River of Stars
by Guy Gavriel Kay
Order:  USA  Can
Roc, 2013 (2013)
Hardcover, e-Book
* * *   Reviewed by Hilary Williamson

Like Kay's previous Under Heaven, River of Stars is set in the realm of Kitai, but four centuries later. This new work is inspired by the Song Dynasty in China. Under Heaven ended in a conflagration of civil war, that has left the Emperor and his advisors wary of military power. This has resulted in the appointment of ineffectual generals, and Kitai has lost a great deal of territory (the Fourteen Prefectures below the Long Wall). Kitai soldiers fight Kislik barbarians to the northwest and the Empire pays tribute to the Xiaolu to the north.

Though there are many intriguing characters in this novel, two stand out as leads. Ren Daiyan, the second son of a records clerk, dreams a 'fierce bright dream of military prowess, of regaining honour and glory for Kitai', and has secretly trained from childhood. Fate sends him to guard and impress an imperial magistrate of Kitai, a man who will facilitate his later successes. Before that happens though, he joins outlaws, wins a position of leadership amongst them, and earns the loyalty of ex-military officer Zhao Ziji who becomes his key subordinate.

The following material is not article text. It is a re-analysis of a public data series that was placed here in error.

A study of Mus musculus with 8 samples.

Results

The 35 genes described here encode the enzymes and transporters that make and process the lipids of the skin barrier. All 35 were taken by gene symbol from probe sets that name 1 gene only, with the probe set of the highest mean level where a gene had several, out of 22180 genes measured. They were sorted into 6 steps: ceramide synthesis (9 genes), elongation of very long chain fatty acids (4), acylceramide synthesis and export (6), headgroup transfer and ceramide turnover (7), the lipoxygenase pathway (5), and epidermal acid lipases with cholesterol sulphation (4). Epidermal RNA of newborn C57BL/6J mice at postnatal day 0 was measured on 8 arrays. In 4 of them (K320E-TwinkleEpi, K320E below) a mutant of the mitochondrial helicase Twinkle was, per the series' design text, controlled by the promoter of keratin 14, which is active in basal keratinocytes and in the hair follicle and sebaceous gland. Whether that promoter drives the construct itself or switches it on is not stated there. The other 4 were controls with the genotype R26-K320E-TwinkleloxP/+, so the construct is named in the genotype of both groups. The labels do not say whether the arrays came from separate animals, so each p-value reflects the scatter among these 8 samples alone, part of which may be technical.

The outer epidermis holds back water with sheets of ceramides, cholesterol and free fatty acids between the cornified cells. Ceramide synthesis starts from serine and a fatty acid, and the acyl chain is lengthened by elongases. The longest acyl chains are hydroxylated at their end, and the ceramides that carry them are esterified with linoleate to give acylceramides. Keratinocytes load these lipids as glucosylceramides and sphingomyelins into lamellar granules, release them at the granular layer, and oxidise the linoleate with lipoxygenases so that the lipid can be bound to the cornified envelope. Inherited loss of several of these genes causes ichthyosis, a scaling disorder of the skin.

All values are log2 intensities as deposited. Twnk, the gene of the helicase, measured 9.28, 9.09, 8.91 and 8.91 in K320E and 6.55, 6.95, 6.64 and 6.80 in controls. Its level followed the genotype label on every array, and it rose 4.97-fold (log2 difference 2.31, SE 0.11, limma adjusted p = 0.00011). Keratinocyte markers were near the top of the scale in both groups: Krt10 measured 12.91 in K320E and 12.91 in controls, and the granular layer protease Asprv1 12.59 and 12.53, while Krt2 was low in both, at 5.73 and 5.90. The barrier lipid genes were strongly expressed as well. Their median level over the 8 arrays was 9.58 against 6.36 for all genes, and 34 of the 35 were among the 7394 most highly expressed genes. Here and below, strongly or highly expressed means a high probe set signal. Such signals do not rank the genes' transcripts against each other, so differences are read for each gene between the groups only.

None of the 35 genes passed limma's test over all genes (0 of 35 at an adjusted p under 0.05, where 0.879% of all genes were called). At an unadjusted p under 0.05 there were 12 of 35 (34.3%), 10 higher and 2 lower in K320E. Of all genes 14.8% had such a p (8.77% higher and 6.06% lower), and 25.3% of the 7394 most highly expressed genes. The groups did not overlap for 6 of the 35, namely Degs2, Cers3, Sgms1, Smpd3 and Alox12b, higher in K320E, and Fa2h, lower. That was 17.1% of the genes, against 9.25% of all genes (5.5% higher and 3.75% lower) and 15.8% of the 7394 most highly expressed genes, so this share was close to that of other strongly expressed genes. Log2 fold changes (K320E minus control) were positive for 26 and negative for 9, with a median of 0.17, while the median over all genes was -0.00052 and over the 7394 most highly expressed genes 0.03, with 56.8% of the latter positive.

The other main character is Lin Shan, a gentle scholar's only daughter. Given a boy's education by her father, she has developed as a talented poet. Her father has betrothed her to Qi Wi of the Imperial clan, a collector of ancient steles and bronzes and 'a man he believes will accept what she is'. When her kind father's life is threatened by court politics, Lin Shan takes action that brings her to the emperor's attention and eventually leads her path to intersect with that of Ren Daiyan.

For the latter does achieve much of what he dreamed of, but is constantly hindered by the imperial distrust of military leaders. And, as in Robert Graves' Count Belisarius, though he earns the love and loyalty of his soldiers, Ren Daiyan is eventually betrayed by those in authority. He faces a hard choice, and not all readers will agree with his decision.

It's a wonderful story, like all its predecessors and it ends beautifully. If you enjoy historical fantasy, don't miss Guy Gavriel Kay's brilliant novels, especially his two Kitai books, Under Heaven and River of Stars.